Forget about which Super Bowl championship football team to root for. The biggest game-day decision for many American armchair quarterbacks is deep dish or thin crust.
On a day when football partying hits its peak, Super Bowl Sunday has become a bonanza for the $37 billion U.S. pizza industry. Competition is intense and the pace frantic, both among the large chains and the neighborhood pizza joints that still make up a large part of the market.
"When the rush comes, you get a rush," said Bill Ferguson, a Papa John's franchisee executive in Florida who rolls up his sleeves on game day to cook pies. "Your adrenaline gets pumped up."
Munching pizza is as much a Super Bowl staple as the glitzy halftime show and pregame hype, ranking it as the busiest — or among the busiest — days of the year for pizza makers. They expect this year's game between the Seattle Seahawks and the Pittsburgh Steelers to be no different.
The U.S. National Restaurant Association estimates that about one out of seven Americans order takeout or delivery food from a restaurant for Super Bowl gatherings at home. Fifty-eight percent order pizza, 50 percent request chicken wings and 20 percent choose subs or sandwiches, it said. Another one in 20 Americans watch the game at restaurants or bars.
"Super Bowl is a huge day for our business," said Papa John's president and chief executive officer Nigel Travis.
Some pizza makers time menu introductions around the Super Bowl.
"Pizza Hut always goes big for the big game with a new product launch," said Tom James, chief marketing officer for America's largest pizza chain.
This year, Pizza Hut rolled out Cheesy Bites Pizza, featuring cheese-filled bites that form the perimeter of a large pizza. The chain is pitching the new product with pre-kickoff Super Bowl ads featuring singer Jessica Simpson.
Papa John's has been promoting its online ordering, which enabled football fans to post pizza orders days or even weeks before the big game.
"That lets them get one part of their party planning out of the way," Papa John's spokesman Chris Sternberg said.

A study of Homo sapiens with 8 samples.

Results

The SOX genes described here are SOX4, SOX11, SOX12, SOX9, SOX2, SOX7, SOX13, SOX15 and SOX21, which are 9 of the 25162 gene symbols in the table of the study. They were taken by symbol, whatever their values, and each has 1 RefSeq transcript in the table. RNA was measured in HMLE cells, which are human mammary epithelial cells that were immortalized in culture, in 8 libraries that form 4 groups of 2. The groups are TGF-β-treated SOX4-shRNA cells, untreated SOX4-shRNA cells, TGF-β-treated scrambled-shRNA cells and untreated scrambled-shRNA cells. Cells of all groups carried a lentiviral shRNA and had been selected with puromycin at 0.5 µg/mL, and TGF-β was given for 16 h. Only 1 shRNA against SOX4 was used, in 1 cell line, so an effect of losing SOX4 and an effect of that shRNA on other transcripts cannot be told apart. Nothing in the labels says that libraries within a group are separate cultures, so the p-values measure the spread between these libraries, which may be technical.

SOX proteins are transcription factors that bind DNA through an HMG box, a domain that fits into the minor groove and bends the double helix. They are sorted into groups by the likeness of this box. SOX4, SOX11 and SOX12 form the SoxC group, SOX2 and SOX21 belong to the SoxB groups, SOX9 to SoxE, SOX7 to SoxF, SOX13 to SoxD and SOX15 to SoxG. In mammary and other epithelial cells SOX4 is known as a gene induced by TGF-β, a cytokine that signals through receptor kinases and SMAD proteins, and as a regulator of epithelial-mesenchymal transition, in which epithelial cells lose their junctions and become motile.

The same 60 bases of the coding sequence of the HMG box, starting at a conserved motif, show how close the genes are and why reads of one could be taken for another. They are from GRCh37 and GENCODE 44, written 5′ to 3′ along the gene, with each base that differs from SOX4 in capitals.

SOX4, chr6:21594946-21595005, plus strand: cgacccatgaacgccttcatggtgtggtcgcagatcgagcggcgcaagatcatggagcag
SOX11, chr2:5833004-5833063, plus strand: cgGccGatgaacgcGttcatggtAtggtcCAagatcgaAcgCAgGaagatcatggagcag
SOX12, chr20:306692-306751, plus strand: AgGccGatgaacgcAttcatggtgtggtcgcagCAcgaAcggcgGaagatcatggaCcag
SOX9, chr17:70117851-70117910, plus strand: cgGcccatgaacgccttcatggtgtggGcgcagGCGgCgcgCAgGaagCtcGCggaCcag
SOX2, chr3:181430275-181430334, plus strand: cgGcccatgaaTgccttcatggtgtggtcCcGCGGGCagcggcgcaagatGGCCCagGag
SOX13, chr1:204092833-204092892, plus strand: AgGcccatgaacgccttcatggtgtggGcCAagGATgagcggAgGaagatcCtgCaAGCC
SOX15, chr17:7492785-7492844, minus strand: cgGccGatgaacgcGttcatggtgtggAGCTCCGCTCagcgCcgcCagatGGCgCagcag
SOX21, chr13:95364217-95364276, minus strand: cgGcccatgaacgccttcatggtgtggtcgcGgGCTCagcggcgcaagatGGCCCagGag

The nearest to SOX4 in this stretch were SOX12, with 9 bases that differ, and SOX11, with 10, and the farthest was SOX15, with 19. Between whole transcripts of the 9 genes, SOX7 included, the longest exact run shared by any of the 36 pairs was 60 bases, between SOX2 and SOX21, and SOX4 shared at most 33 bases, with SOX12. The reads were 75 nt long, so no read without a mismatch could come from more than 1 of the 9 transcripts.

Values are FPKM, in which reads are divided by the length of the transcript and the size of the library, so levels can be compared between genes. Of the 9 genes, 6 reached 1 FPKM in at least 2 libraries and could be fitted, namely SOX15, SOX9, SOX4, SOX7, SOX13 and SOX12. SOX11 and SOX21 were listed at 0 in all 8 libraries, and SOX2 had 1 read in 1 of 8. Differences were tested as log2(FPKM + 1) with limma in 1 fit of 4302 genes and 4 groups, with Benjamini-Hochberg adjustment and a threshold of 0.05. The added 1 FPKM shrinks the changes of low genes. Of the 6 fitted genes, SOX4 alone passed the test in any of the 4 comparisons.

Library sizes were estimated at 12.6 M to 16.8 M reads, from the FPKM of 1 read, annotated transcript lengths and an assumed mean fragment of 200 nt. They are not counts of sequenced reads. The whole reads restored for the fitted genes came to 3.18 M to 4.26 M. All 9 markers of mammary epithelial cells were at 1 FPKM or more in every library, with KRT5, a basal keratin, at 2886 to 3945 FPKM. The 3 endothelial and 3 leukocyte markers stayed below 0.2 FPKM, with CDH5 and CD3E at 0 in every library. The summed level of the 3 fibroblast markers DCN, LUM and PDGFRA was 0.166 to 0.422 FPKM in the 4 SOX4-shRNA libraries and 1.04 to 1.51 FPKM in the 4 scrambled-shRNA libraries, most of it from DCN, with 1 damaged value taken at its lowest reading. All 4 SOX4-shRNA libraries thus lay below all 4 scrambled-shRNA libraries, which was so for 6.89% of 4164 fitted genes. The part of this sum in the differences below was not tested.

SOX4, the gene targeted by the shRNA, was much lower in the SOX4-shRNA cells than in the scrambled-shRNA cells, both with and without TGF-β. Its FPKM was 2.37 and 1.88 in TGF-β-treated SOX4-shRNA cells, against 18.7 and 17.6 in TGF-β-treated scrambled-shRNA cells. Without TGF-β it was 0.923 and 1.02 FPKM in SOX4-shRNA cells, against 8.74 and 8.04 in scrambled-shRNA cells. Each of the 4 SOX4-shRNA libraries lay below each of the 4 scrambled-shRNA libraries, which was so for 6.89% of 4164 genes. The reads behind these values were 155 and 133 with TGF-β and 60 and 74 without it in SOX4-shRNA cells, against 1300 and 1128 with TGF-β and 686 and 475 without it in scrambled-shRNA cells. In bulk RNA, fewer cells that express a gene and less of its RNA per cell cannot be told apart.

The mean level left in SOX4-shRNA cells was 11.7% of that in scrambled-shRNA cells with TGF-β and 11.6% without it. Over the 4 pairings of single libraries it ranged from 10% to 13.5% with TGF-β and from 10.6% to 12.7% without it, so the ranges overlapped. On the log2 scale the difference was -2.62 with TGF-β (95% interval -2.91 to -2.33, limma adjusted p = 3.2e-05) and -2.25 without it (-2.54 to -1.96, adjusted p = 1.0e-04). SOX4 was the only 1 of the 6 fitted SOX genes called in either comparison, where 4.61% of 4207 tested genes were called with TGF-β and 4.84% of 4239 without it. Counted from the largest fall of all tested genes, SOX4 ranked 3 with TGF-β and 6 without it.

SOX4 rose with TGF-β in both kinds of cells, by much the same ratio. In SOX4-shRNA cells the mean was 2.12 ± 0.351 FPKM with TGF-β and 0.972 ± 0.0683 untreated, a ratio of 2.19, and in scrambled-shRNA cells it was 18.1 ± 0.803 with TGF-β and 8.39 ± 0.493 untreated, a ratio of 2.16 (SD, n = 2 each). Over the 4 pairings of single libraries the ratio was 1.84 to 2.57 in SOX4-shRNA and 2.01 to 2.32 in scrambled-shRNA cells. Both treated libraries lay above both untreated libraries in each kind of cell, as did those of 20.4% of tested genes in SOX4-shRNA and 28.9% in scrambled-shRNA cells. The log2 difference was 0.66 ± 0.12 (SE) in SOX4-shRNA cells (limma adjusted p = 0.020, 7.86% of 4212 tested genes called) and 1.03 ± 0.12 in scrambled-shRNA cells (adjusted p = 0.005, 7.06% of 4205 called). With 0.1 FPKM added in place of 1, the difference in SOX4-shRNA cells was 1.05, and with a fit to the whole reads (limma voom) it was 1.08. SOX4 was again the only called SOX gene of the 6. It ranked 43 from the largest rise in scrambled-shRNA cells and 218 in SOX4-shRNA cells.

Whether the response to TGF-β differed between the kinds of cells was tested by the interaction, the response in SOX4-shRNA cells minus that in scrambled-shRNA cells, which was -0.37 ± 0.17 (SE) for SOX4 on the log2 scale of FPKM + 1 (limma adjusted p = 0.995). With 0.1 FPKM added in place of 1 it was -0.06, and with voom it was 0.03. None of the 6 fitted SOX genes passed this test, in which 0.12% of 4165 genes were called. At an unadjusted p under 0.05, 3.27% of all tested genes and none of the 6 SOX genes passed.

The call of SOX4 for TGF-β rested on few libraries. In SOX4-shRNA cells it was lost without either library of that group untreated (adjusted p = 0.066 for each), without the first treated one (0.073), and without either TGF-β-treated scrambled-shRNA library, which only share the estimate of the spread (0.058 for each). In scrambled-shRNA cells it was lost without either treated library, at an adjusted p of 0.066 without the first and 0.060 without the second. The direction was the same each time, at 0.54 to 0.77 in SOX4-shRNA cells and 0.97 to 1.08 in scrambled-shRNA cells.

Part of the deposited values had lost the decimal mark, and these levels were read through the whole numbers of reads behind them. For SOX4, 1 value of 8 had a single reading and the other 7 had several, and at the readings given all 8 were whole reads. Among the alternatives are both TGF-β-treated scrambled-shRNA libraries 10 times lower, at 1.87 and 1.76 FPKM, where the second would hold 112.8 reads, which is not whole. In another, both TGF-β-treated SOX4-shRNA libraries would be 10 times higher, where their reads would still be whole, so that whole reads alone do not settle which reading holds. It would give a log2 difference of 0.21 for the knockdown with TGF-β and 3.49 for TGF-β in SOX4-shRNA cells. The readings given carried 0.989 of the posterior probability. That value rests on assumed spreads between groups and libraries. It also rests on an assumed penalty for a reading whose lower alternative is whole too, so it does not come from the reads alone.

Louisville, Kentucky-based Papa John's International expects to sell more than 600,000 pizzas on game day at its 2,600 U.S. restaurants, Sternberg said. It's the chain's biggest day of the year, with sales up about 50 percent from a typical Sunday, he said.
Pizza deliverers log more miles — and more tips — on Super Bowl Sunday.
"The traffic is very light," said Dana Harville, spokeswoman for Domino's Pizza. "And people are feeling generous with tips," especially if their team is winning.
Ann Arbor, Michigan-based Domino's predicts sales of 1.5 million to 1.6 million pizzas at its 5,000 U.S. stores on game day, up 36 percent over a normal Sunday, she said.
For Domino's, it's one of the year's top sales days, along with Halloween, New Year's Eve, New Year's Day and Thanksgiving Eve, she said.
Pizza Hut, part of Louisville-based Yum Brands Inc., expects to sell millions of pizzas on game day — its busiest day of the year — at its nearly 6,600 U.S. restaurants.
For pizza makers, preparations start days before kickoff. Pizza restaurants beef up their game-day work force, and Domino's even enlists some former employees to help crank out pies.
"Everyone on the payroll is there on Super Bowl Sunday working," Harville said.
"When you're expecting a crowd to come watch the game with you, that's a great way to give everybody a pizza of their choice," she said.
Pepperoni is typically the favorite topping, followed by sausage.
Pizza makers root for a close game because orders seem to mount, and appetites especially drop off in the losing of a lopsided score, Harville said.
Papa John's is trying to add to the suspense with its "Go Deep Challenge." If either team breaks the record for the longest touchdown pass in Super Bowl history, Papa John's will give a free large pan pepperoni pizza to anyone registering in advance on the company's Web site.
As of Tuesday, the online registrations for the contest totaled 189,023, he said.
And just like on the playing field after the game, there's plenty of celebrating in a pizza restaurant once all the orders have been filled.
"Everyone is hollering and high-fiving," Ferguson said.